The Being A Deviant Who Delivers Approach

There are many ways to do fine work. One approach is to dare to be different. But this approach comes with a condition. This is:

If you are going to be a deviant, you may have to over-deliver.

Every person is different. They have a different story, successes and setbacks. Some individuals learn how to channel their personality in a way that helps them and other people.

Many creative people have a background of feeling different when they grew up. A person may have been a late developer, dyslexic or be different in another way. Those individuals who went on to thrive often had certain things in common.

They were supported by key people in their life – such as a parent, teacher or another significant person.

They were told to believe in themselves but were also taught how to survive or thrive in various situations.

They began to learn how use their differences to help themselves or other people.

People who take this step sometimes follow certain guidelines. They aim to be positive, be professional and do their best to deliver peak performances. Imagine that you want to follow these steps in your own way. Let’s explore these themes.

Being Positive

One approach is to have a positive attitude towards people and help them to succeed. This sounds obvious but some individuals flaunt their individuality by dismissing other people’s opinions.

“Be nice to people on your way up because you’ll meet them on your way down,” is an old saying from show business. Today’s equivalent in fast moving organisations is:

“Be friendly towards everybody – whatever their role – because one day you may find yourself being interviewed by them for a job.”

Being positive and helping people increases the chances of getting away with being different. It also puts goodwill in the bank – because there may be times when you need it.

Being Professional

Several years ago I was approached by a brilliant marketer, let’s call him Dave, who had been twice been passed over for promotion. Getting a reality check from his boss, he found his colleagues considered him unprofessional. They said:

“He is great with clients but rude to colleagues. He promises clients a proposal in 2 days, but doesn’t check whether we can get the data by then.

“During meetings he does email, rather than listen to what people are saying. He shows impatience by interrupting the speaker or going out to make phone calls.

“He has a brilliant strategic brain but shows little respect for colleagues in the team.”

Dave had previously been in denial. But now he saw that his behaviour was preventing him getting promotion to a more strategic role. He could choose:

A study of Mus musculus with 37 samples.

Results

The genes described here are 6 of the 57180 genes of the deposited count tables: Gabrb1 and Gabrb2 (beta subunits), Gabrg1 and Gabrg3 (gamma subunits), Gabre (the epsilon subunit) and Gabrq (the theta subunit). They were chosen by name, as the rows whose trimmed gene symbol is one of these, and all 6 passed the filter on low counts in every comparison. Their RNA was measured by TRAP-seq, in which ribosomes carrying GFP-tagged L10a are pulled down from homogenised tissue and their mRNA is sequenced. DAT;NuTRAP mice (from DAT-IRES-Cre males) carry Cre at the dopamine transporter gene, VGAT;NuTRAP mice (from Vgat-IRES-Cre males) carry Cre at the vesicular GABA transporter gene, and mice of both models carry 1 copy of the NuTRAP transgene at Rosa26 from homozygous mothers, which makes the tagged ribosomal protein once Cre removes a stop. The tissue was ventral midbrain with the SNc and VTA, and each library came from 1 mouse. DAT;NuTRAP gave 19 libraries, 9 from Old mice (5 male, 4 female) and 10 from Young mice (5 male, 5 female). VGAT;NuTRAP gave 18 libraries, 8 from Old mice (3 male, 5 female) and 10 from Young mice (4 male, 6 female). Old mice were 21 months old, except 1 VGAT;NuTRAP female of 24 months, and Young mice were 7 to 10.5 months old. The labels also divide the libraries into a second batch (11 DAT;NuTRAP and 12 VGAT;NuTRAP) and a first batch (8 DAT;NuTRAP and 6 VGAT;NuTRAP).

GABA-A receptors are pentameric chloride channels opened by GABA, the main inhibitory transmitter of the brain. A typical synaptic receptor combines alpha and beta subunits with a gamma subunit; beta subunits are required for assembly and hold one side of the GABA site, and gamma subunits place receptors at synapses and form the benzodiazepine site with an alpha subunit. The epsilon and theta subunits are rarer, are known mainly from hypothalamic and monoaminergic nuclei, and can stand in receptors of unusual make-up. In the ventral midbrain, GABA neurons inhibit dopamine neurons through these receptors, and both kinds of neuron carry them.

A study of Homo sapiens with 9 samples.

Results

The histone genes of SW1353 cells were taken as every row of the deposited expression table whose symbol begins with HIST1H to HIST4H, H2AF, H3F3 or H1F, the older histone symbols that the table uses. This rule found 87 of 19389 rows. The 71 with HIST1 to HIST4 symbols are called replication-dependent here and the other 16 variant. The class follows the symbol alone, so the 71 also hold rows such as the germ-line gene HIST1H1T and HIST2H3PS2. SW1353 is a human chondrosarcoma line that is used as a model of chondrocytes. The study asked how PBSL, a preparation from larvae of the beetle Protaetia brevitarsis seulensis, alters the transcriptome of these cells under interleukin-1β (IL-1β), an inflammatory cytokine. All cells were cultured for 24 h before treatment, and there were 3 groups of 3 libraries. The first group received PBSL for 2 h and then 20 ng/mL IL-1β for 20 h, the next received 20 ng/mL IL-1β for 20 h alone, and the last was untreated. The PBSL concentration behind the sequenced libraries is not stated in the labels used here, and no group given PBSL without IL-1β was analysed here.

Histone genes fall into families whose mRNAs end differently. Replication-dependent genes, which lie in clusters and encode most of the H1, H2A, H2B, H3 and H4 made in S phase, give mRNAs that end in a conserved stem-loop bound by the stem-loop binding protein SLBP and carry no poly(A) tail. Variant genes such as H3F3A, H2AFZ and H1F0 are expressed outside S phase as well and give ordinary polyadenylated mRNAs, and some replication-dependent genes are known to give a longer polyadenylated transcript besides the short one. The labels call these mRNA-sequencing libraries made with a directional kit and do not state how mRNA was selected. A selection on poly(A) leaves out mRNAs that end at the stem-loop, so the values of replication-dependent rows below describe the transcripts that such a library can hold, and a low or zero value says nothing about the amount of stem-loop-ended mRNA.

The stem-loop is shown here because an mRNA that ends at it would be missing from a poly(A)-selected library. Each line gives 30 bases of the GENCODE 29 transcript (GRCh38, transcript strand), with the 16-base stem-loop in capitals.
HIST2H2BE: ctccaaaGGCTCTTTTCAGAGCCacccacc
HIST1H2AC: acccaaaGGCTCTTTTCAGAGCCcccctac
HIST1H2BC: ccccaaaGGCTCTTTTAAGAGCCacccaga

To ignore the feedback … To say everybody else was wrong … To attach himself to bosses who would hire him for his strategic brain rather than interpersonal skills … To take the messages on board and try to get another result.

Dave opted for the latter option. He aimed to become more professional with both colleagues and clients. The approach we explored together was:

“Imagine you are a freelancer running your own business and supplying services to this company. How would you behave?

“You would recognise that you are always on stage. People make judgements about you every moment.

“So you would probably behave professionally towards everybody in the business – the receptionist, managing director, PA and potential future clients you met in the corridor.

“You certainly have these skills because you demonstrate them superbly with clients. Here are two questions to consider.

“Do you want to take the time to behave professionally towards everybody in the business? If so, how can you do so in the next week, month and year?”

Dave chose to make the effort. When somebody stopped him to ask for a chat as he was rushing to a meeting, for example, he no longer brushed them aside. He gave them 100% attention and said:

“It would be good to catch up. Right now I am on my way to a meeting. But as soon as it is finished I will get back to you with a time when we can talk.”

Doing simple things like saying ‘Please’ and ‘Thank you’ also had an effect. People began to feel easier in his presence and more willing to help him to succeed.

Being A Peak Performer

Great workers aim to deliver peak performances. How can you do this in your own way? Sometimes it can also be helpful to recall the basic rule about team sports that is often quoted in various forms.

Great team members look beyond their own success. They also help their colleagues and the whole team to achieve success.

Bearing this in mind, it is vital to proactively make clear contracts with your manager and other stakeholders about the outcomes they want you to deliver. You can then follow the basic rule in all service organisation.

You can use your strengths to do superb work and help all your stakeholders to achieve success.

There are many ways to be different. If you are going to be a deviant, however, you may sometimes need to over-deliver. One approach is to be positive, professional and deliver peak performances.

If you wish, try tackling the exercise on this theme. This invites you to complete the following sentences.